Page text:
The Sisters Brothers (2018) reviewed by Jonathan Berk

The Sisters Brothers (2018) is a new Western with a great cast. Directed by Jacques Audiard, the film follows Eli and Charlie Sisters, two brothers who work as assassins in Oregon during the 1850s. The film opens with an expansive shot of a desert landscape at night. It’s possible to just make out a silhouette of a house when suddenly a voice shouts orders. Muzzle flashes soon light up the night, and the camera cuts closer until we are introduced to Eli (John C. Reilly) and Charlie (Joaquin Phoenix), who are hunting a bounty. It’s established quickly that they are good at what they do, but not much else.

The Sisters Brothers is an interesting film with excellent performances

The chemistry between these two isn’t surprising, considering they are both Paul Thomas Anderson regulars – but that doesn’t minimize how great they are in this movie. Both actors have tremendous range, and Audiard calls on almost every aspect of it. There are scenes that are purely comedic, but much of this film is a character study requiring a level of dramatic acting that comes easily for Phoenix and Reilly. They are sent from Oregon south, hunting Hermann Kermit Warm (Riz Ahmed), a prospector who has something that the Commandant wants.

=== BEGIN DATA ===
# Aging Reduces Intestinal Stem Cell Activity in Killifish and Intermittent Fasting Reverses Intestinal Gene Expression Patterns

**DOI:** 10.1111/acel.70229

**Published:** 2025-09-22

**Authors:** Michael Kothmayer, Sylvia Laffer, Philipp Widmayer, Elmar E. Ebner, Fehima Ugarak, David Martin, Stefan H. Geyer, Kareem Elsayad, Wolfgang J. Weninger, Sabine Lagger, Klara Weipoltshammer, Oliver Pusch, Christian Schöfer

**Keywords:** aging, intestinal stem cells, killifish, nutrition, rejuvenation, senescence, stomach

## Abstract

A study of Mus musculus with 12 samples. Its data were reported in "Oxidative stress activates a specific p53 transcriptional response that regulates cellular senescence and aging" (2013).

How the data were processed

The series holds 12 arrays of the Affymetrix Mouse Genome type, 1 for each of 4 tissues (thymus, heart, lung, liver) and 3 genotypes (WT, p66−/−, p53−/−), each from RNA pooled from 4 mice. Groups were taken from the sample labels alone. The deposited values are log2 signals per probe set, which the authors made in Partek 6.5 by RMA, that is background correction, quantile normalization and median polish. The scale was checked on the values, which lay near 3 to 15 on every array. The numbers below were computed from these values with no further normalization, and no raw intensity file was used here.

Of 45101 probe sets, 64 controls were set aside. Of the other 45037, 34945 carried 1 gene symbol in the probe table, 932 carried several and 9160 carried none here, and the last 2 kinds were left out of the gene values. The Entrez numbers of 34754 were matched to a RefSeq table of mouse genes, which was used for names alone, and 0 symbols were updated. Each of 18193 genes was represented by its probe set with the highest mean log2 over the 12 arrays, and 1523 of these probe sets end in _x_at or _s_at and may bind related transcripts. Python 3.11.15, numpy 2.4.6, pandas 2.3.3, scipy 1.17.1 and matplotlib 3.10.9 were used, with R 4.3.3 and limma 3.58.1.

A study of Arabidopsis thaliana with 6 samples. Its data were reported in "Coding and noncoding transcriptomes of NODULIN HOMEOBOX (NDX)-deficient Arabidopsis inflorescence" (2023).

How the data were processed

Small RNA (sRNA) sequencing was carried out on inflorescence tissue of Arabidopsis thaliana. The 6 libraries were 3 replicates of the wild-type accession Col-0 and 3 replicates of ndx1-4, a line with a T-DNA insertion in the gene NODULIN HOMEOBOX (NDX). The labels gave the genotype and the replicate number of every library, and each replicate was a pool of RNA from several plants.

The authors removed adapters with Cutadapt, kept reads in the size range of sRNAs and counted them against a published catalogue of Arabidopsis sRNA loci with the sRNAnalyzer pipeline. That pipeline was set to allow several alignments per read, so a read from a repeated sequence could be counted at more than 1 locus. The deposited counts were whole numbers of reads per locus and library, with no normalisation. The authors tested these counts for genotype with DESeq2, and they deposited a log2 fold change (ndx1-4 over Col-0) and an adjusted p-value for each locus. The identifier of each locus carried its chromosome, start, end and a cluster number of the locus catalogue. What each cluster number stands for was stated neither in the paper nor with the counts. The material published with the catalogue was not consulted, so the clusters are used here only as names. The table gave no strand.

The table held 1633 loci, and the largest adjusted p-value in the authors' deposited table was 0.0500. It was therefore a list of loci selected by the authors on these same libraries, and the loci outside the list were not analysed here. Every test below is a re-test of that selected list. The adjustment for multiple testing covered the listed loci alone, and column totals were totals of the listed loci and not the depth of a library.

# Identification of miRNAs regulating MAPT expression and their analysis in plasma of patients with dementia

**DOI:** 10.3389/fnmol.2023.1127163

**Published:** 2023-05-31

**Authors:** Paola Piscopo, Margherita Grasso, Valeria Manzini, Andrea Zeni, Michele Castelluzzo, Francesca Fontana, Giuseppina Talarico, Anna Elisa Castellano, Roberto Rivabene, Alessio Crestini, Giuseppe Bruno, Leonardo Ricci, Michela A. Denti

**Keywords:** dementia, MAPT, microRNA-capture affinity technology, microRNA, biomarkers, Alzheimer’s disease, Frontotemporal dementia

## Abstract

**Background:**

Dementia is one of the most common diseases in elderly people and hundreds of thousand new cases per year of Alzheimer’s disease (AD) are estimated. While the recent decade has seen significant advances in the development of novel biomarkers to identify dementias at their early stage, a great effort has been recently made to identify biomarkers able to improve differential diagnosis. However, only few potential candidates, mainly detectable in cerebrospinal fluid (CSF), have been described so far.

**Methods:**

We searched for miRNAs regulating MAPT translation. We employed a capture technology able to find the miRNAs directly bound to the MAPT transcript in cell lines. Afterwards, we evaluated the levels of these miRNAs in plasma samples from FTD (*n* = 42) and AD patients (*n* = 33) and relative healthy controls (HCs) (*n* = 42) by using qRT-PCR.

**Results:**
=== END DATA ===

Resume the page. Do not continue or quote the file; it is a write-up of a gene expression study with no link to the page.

The Commandant knows where Hermann is, thanks to his scout John Morris (Jake Gyllenhaal). Morris was sent ahead to keep track of the prospector, but he gets too close. The connection that Ahmed and Gyllenhaal’s respective characters form is in large partially believable because of their performances. The four main characters of this film all give excellent performances and make the film all the more entertaining as a result.

This film is definitely attempting to say something, though some messages are far more clear than others. Themes of greed, family, change, and government all infiltrate the western vistas that as the characters travel from Oregon to San Francisco. Questions of loyalty and ambition threaten to tear the various pairings apart or to make unlikely alliances. Either way, there is a compelling story told in The Sisters Brothers.

Final thoughts…

However, I enjoyed many of the scenes in the film, it’s not without its flaws. Still, the performances and blending of tones did make the film one to check out. Reilly was truly the highlight for me, and it made The Sisters Brothers one of his best performances. This film earns the Not Quite Golden, Ponyboy rating.